History of National Missouri Day

Back in the early days of American exploration and settlement, Missouri was originally settled by French traders and trappers in the late 1700s, and later became a part of the Louisiana Purchase in 1803. In the following years, Missouri saw a large influx of settlers, including many German and Irish immigrants.

Throughout the 19th century, Missouri played a significant role in American history. The state was a major center of agriculture and industry, and was also the starting point for the Oregon Trail. Additionally, Missouri was a key state during the Civil War, with both Union and Confederate forces fighting for control of its cities and resources.

Today, Missouri is home to a wide range of people and cultures. The state has a strong economy and is known for its agriculture, manufacturing, and tourism industries. It’s also home to a number of notable landmarks and attractions, such as the Gateway Arch, Mark Twain’s boyhood home, and the Harry S. Truman Presidential Library and Museum.

In 1913, Missourian school teacher, Anna Lee Brosius Korn, felt inspired to create Missouri Day after composing the state song, “Missouri”. She was moved by the pride and love she felt for her home state and wanted to share it with others.

Fun Facts about Missouri

  • Missouri is home to the tallest arch in the world

    The Gateway Arch in St. Louis is the tallest arch in the world, reaching 630 feet high.

  • Mark Twain came from Missouri

    The famous author Mark Twain, whose real name is Samuel Clemens, was born and raised in Missouri. Many of his novels, including “The Adventures of Tom Sawyer” and “Adventures of Huckleberry Finn,” are set in Missouri.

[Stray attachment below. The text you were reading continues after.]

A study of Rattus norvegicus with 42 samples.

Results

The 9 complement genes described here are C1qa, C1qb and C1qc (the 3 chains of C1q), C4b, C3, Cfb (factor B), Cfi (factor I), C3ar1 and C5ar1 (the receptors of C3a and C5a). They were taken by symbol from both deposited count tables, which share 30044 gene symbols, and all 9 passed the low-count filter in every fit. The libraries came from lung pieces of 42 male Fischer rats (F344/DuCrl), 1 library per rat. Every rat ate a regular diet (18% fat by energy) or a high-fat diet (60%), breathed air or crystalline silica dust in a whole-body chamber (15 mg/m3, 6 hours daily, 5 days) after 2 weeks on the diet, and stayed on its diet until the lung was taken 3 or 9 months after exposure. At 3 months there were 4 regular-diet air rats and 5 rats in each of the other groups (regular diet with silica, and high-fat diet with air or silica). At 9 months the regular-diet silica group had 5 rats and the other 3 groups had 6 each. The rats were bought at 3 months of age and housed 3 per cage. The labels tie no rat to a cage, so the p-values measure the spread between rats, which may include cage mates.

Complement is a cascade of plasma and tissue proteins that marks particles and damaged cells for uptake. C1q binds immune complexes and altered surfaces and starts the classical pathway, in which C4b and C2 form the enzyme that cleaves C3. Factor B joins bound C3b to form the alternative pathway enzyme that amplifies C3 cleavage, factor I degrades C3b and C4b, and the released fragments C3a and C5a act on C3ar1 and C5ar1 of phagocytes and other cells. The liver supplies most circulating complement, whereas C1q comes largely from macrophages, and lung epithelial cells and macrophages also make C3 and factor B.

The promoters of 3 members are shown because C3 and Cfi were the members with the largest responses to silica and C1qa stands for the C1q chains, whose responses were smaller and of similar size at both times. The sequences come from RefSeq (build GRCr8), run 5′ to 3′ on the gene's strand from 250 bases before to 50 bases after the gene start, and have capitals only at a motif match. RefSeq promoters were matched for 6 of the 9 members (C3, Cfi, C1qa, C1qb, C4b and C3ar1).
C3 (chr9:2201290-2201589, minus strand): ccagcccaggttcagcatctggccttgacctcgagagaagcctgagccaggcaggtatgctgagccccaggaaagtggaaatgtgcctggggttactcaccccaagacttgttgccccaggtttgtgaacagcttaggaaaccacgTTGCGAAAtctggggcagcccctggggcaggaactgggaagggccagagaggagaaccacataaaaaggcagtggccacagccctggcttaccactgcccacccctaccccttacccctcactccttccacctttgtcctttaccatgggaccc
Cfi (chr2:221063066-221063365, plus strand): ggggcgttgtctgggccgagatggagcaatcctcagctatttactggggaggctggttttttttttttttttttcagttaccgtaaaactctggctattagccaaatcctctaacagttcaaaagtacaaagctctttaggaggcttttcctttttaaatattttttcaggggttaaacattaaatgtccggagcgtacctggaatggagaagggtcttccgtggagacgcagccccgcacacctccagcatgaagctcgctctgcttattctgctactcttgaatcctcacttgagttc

• Missouri has a Japanese botanical garden

    The Missouri Botanical Garden, also known as Shaw’s Garden, is the oldest botanical garden in continuous operation in the United States. It was founded by Henry Shaw in 1859 and features a Japanese strolling garden, a Victorian garden, and a children’s garden.

  • Missouri’s state capital is named after a president

    Missouri’s state capital, Jefferson City, is named after Thomas Jefferson, the third President of the United States. The city is located on the banks of the Missouri River and is renowned for its historic buildings, including the Missouri State Capitol building.

How to Celebrate National Missouri Day

Missouri Day is celebrated on the third Wednesday in October, and is celebrated throughout the state of Missouri. From small towns to big cities, people of all ages and backgrounds come together to honor the Show-Me State.

Here are some ideas for how you can celebrate Missouri Day:

Attend a Parade

Many towns and cities across Missouri host parades on Missouri Day, showcasing the cultural heritage of the state. From local bands and dance groups to floats representing different communities, there’s everything to please.

Visit a State Park

Missouri is home to several beautiful state parks, many of which host special events on Missouri Day. Take a hike, go fishing, or simply enjoy a picnic while taking in the natural beauty of the state.

Try Local Cuisine

Missouri is renowned for its delicious food, from barbecue to gooey butter cake. Take the opportunity to try some of the state’s most famous dishes at a local restaurant or food festival.

Visit a Museum or Historical Site

Missouri has many important historical sites and museums, many of which offer special tours and exhibitions on Missouri Day. Learn about the state’s rich history and culture, and see some of the most important artifacts and documents from Missouri’s past.

National Missouri Day FAQs

What is the state flower of Missouri?

Missouri’s state flower is the white hawthorn blossom. It is a small white flower with five petals and is famed for its delicate beauty.[1]

What is the state bird of Missouri?

The Eastern Bluebird is Missouri’s state bird. It is a small blue bird with a rusty-red breast, known for its charming song.[2]

What is the state tree of Missouri?

Flowering Dogwood is the state tree. It is a small tree with pink or white flowers that bloom in the spring. It is known for its beautiful flowers and vibrant fall foliage.[3]